Public library system
loses a fine leader


State Librarian Virginia Lowell declines an extension of her contract and chooses retirement.

AN illness in her family has prompted Virginia Lowell to retire as state librarian, but her decision was probably made easier by the drubbing she took recently from politicians at the state Capitol. After five years at the helm, Lowell will leave Hawaii searching for another forceful advocate for its 50 public libraries.

Lowell had strong support from the Board of Education, which increased her pay from about $85,000 to more than $100,000 and awarded her a four-year contract in 1999. She took the job in 1998 after Bart Kane, her predecessor, was fired over a controversy involving a contract that authorized a mainland company to select books for the libraries.

Lowell updated computer and Internet services, began popular book programs and provided strong direction for a library system of the future. She also created a new service to comply with an ill-advised federal censorship law governing Internet use in libraries so that parents are allowed to direct what their children can access.

However, continuing budget cuts and intrusive politicians together began to brew a conflict that came to a head earlier this year. Republican senators joined with Governor Lingle to attack Lowell when she was forced to reduce library hours as a result of funding decreases.

The librarian had hoped to distribute the burden equitably without favoring one branch over the other. Sen. Bob Hogue, pushing fairness aside, demanded her resignation when Lowell would not allow a library in his district to remain open for a weekend reading program because it also served a school that needed to be open during weekdays. Lingle publicly derided her as "less than professional" because Lowell chose to handle budget cuts by trimming hours instead of laying off library staff, a choice Lingle herself has made with other state workers.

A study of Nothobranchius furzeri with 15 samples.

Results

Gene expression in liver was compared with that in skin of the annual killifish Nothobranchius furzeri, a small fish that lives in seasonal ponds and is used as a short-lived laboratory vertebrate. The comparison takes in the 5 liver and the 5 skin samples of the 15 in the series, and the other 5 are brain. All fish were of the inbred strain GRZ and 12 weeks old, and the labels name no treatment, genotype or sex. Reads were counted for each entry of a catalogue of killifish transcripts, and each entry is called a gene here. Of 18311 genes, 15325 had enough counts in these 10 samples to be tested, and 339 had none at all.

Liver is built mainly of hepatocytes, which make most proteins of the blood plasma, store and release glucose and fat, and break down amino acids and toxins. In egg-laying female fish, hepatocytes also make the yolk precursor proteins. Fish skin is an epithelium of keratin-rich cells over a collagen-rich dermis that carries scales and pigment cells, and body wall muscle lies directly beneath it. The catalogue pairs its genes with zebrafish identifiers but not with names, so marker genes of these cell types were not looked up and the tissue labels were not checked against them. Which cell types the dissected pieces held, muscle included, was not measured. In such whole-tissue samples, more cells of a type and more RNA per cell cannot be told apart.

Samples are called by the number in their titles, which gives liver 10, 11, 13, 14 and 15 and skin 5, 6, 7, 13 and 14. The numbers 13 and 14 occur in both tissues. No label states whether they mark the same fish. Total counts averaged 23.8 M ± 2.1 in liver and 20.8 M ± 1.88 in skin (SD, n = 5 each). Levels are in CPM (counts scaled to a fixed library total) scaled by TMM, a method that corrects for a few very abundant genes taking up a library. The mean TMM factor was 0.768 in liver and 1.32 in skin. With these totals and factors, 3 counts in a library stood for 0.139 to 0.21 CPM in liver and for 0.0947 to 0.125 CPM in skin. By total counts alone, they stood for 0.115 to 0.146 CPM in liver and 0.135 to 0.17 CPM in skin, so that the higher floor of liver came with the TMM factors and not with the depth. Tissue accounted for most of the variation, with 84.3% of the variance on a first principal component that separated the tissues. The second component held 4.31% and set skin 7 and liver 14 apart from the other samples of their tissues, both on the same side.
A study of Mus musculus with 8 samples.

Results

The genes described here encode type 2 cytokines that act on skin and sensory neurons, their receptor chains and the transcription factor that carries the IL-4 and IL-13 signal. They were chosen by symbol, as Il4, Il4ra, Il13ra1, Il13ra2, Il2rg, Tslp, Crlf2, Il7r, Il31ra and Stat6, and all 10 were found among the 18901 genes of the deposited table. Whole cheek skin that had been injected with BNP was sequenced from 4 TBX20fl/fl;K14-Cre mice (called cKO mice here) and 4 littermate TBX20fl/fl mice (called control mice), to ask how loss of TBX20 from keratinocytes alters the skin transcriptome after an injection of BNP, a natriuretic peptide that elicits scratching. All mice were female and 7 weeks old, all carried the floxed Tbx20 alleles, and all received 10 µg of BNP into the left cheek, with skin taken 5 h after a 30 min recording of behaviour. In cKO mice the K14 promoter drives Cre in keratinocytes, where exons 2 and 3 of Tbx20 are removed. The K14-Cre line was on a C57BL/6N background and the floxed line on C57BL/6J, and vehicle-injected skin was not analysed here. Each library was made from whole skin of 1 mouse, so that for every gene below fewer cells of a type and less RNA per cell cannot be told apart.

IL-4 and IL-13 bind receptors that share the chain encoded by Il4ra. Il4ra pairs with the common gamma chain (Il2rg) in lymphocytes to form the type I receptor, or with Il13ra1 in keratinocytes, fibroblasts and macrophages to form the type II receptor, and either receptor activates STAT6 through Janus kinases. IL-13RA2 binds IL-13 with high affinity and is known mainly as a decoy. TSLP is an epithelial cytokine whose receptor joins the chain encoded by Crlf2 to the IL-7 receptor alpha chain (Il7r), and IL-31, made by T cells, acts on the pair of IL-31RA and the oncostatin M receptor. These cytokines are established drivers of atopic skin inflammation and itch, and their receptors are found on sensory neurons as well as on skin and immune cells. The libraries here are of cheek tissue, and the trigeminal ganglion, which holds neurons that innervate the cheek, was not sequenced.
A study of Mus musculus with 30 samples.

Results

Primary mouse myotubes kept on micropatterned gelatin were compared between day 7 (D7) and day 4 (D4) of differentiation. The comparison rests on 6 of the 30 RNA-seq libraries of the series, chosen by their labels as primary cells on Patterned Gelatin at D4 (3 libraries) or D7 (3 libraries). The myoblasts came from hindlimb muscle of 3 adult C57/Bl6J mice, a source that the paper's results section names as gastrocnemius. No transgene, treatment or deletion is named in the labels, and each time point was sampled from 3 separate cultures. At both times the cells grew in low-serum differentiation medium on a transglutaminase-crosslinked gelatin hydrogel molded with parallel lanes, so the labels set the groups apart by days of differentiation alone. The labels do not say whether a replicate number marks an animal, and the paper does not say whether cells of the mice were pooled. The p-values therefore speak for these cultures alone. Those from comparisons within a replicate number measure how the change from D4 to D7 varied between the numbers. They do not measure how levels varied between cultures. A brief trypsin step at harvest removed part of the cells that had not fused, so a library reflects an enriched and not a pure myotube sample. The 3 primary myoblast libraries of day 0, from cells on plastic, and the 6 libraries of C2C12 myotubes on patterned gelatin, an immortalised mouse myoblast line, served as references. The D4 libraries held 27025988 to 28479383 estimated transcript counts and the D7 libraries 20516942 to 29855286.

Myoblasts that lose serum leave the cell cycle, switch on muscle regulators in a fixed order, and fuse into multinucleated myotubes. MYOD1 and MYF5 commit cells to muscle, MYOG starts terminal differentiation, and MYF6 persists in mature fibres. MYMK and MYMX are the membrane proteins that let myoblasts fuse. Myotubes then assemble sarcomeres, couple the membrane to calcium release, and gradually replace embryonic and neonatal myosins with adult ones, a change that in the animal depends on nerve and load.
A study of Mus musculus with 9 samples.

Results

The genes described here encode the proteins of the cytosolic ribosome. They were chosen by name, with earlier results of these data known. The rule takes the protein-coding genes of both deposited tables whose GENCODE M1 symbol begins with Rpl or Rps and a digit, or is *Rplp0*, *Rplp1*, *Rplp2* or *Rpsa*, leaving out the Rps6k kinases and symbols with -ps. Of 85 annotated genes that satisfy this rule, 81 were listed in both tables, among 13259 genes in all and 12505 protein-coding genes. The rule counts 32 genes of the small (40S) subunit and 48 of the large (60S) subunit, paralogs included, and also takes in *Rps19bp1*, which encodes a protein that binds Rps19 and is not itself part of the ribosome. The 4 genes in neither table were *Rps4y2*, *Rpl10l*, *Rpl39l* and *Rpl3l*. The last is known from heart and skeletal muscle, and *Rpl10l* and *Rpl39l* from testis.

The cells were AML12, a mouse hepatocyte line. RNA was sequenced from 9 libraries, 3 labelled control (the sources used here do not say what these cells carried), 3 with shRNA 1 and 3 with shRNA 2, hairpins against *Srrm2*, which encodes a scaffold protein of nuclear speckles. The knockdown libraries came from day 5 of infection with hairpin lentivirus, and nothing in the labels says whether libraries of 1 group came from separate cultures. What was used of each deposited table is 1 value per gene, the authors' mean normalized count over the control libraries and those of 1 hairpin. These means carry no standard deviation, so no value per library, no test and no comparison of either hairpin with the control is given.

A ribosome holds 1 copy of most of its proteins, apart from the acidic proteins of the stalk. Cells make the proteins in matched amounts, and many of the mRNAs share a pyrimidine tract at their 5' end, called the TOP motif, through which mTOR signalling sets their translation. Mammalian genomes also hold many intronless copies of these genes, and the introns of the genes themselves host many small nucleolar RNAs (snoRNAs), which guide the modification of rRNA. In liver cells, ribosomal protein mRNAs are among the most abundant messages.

Lowell's problems with the Legislature go back to its decision to build a library in Kapolei without providing money for its operation. As a result, the $6.9 million building sits empty without books and staff, as Lowell had predicted when lawmakers ignored her request that they fully fund the project from the start.

Kapolei Library is a prime example of problems that develop when vote-hungry politicians meddle in matters that should be handled by capable administrators like Lowell. Legislators chose to short the library system, funding it at $19 per resident compared with a national average of $29, and cannot demand full services from a truncated budget.

Lowell's stubbornness and reluctance to play politics with the Capitol gang hurt her, but she should be commended for putting library patrons at the head of the line. Although her retirement will give her time to care for her mother, Hawaii's public libraries will miss her support.